Balbena’s Grave by Nolan Carlson
Publisher: Vinspire Publishing
Genre: Paranormal, Contemporary
Length: Full Length (165 pages)
Age Recommendation: 14+
Rating: 3 Stars
Reviewed by Astilbe
Teen John Riley is excited about his summer job sprucing up an old abandoned cemetery. It would give him a little money, allow him to play summer baseball, and be with his girlfriend, Susan. The summer is perfect until he discovers a crumbling tombstone on the outside of the cemetery fence. A girl who died at age sixteen in 1925 lay beneath it, and John is intrigued by a life cut so short.
Enchanted by his thoughts of a teenager who died so long ago, John wants to know more about this girl. His obsession deepens until one day, he hears flirtatious tittering coming from the depths of the grave. Soon, the girl who is supposed to be dead appears. It doesn’t take long for John to fall in love with her. Foolishly, he doesn’t realize the evil in this possessive, beguiling creature. Yes, he should have left her lying beneath Balbena’s Grave.
Someday you and I will die. Almost no one knows when or how this will happen but we all know it’s coming sooner or later. Maybe this is why cemeteries and ghost stories are so enticing.
Balbena is quite a creepy ghost. John is able to piece together the story of her life from an old newspaper article and a few conversations with older townspeople but I was pleased to see how much of her life remains untold. Somehow the dead feel scarier to me when our speculations about the past are only partially confirmed.
To be honest, though, I had a hard time relating to John as he comes across as a little too perfect. Until the plot starts moving he doesn’t seem to have genuine conflicts with anyone in his life. His family, friends, neighbors and girlfriend have nothing but good things to say about him and he’s consistently shown to be hard-working, loyal, respectful, patient and kind. There’s nothing wrong with writing virtuous characters, of course, but John is too good be true. We’ve all said and done things we later come to regret so it seemed odd to me that John needed a supernatural being to spur him into having a bad day.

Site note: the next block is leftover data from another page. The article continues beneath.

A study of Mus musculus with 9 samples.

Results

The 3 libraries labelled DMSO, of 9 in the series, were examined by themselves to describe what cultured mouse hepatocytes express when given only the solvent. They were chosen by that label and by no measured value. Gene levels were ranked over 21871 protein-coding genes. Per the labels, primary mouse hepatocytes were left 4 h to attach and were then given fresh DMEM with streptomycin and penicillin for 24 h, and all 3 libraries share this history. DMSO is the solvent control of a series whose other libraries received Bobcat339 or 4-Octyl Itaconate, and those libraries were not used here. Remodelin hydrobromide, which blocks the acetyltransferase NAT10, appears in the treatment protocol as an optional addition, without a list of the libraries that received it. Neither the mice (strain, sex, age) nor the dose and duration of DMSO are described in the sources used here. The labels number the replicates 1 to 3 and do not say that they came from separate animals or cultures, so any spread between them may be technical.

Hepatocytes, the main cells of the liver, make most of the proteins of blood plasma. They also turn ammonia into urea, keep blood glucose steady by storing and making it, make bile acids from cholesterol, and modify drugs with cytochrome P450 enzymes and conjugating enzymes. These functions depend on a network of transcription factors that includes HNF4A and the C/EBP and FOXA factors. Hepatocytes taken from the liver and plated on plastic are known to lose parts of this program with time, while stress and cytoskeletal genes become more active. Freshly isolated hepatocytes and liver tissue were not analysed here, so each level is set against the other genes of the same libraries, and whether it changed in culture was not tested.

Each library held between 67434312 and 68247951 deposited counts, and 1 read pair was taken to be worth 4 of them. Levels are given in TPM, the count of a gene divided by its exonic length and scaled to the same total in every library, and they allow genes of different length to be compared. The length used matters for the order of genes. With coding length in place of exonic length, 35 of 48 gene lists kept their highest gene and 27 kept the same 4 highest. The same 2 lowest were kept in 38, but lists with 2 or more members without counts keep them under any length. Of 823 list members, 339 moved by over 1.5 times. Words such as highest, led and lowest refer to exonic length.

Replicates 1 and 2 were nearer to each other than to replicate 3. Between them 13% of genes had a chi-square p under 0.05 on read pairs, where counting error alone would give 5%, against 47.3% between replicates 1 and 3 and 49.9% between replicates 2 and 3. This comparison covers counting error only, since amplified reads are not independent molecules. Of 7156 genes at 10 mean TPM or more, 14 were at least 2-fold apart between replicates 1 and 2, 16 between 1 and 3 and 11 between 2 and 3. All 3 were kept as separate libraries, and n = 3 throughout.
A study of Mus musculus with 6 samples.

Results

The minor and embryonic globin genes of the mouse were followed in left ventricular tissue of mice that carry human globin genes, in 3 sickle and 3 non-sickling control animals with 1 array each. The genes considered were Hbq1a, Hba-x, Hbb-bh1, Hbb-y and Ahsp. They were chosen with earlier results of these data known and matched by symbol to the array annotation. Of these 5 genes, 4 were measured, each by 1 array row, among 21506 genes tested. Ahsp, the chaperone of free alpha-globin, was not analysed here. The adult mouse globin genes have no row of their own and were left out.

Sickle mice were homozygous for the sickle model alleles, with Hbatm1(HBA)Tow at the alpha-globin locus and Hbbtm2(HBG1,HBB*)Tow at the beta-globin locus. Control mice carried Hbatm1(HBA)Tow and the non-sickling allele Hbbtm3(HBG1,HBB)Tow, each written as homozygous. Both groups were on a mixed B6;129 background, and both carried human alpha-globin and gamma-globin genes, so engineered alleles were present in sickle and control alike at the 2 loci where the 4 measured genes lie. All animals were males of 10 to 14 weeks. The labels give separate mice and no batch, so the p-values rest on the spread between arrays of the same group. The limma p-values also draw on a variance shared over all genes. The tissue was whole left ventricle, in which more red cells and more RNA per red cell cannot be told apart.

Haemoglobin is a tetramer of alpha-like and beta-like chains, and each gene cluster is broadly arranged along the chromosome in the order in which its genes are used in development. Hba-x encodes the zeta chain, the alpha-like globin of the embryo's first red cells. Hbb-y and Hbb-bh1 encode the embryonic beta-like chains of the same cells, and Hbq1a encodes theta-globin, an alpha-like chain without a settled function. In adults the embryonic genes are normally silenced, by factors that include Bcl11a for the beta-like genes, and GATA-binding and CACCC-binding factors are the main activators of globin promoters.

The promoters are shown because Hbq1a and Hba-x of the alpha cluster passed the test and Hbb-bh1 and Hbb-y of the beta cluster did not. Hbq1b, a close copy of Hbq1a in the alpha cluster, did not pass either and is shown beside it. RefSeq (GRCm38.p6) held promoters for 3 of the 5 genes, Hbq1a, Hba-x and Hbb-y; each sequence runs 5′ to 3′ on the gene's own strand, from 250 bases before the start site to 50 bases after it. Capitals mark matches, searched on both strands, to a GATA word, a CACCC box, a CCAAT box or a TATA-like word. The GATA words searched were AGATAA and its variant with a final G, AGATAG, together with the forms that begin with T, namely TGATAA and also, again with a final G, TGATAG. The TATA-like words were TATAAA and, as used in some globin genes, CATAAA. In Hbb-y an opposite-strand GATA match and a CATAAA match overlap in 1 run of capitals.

It’s also puzzling that a novel set in present day would mention a newspaper keeping old copies of their paper in filing cabinets. It would have been far more realistic for John to search for the details surrounding Balbena’s death online either through a public search engine or by logging into the Burgman Sentinel’s digitized archives. Until John’s cellphone rings in this scene I took it to be an indication that the story was set at least twenty years ago.
Figuring out the most appropriate age recommendation was tricky for me. While there aren’t any sexually explicit or violent scenes this book would be most appealing to readers who are old enough to fall in love or work. Watching the characters react to everything that comes with these new experiences was one of my favorite parts of the story and for this reason I recommend it for only those old enough to commiserate with John.
Have you ever walked past a graveyard and asked yourself questions about the individuals buried there? Were they good people? What was it like to live a hundred years ago? Is there anything they’d have to say to those of us still living? If so Balbena’s Grave may be right up your alley.